Glasgow University professor Greg Philo, who has been putting the media under the spotlight for 30 years, was in the limelight himself this week as he underwent a series of gruelling media interviews to mark the publication of his latest controversial book.
Professor Philo has been racing between London radio and television studios and fielding calls from journalists across the world about Bad News from Israel, co-authored by Mike Berry, which investigates television coverage of the Israeli-Palestinian conflict and viewers' understanding of it.
The Pluto Press book springs from a two-year study funded by the Economic and Social Research Council. The work carries not only extensive analysis of TV coverage but also in-depth interviews with broadcasters and research sessions that bring together senior journalists and members of the public.
The book says there is virtually no information on the origins of the conflict, with most viewers very confused even about the meaning of "occupied territories". But Professor Philo says 80 per cent of the population rely on television news for information, and a low level of public understanding prevents the possibility of public debate.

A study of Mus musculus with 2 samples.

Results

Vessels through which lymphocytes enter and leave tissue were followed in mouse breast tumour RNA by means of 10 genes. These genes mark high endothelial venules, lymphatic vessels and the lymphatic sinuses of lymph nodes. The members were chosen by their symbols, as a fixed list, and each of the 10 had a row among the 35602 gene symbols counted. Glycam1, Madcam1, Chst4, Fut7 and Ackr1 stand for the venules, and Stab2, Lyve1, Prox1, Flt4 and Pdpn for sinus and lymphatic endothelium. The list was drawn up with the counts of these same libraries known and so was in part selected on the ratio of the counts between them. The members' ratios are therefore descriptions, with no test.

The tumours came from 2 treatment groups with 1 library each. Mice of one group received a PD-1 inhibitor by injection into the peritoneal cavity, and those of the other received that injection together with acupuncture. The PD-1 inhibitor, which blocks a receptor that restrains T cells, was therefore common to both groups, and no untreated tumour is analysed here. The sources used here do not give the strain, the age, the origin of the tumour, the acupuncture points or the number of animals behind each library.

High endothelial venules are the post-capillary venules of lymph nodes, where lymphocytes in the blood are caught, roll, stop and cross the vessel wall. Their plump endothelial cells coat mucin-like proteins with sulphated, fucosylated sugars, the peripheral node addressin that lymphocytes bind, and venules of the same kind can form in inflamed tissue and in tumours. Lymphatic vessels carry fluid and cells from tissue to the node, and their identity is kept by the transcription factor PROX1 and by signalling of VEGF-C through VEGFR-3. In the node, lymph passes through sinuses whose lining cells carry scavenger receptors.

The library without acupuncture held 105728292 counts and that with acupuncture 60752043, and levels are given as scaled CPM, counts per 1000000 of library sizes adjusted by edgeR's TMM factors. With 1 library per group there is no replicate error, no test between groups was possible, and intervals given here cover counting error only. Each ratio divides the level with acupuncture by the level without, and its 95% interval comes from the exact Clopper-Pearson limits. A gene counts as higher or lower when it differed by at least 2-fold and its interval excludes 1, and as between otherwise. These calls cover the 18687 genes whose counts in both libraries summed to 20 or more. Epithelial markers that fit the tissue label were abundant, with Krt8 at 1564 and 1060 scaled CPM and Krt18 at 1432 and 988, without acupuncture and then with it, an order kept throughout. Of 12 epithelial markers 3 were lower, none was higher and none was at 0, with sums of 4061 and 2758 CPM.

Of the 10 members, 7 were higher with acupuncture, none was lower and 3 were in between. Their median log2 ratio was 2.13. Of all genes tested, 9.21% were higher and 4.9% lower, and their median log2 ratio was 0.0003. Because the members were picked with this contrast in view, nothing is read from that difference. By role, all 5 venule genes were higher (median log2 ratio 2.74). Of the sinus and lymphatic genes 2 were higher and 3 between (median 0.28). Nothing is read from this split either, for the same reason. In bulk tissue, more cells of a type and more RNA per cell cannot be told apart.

The Kent-born academic took a sociology BSc at Bradford University in 1971 before moving to Glasgow to do a PhD. He was invited to join an ESRC project on whether television coverage clarified or obscured events. This resulted in the influential book Bad News in 1975, authored by the now internationally known Glasgow Media Group.
Professor Philo and John Eldridge, sociology professor at Glasgow, then set up the Glasgow Media Unit, with Professor Philo becoming research director in 1980.
There has been a great interest in the unit's research methods on how language is used and understood by other disciplines. It has analysed media coverage of a vast range of sensitive issues, from breast cancer and mental health to ethnic minorities and BSE.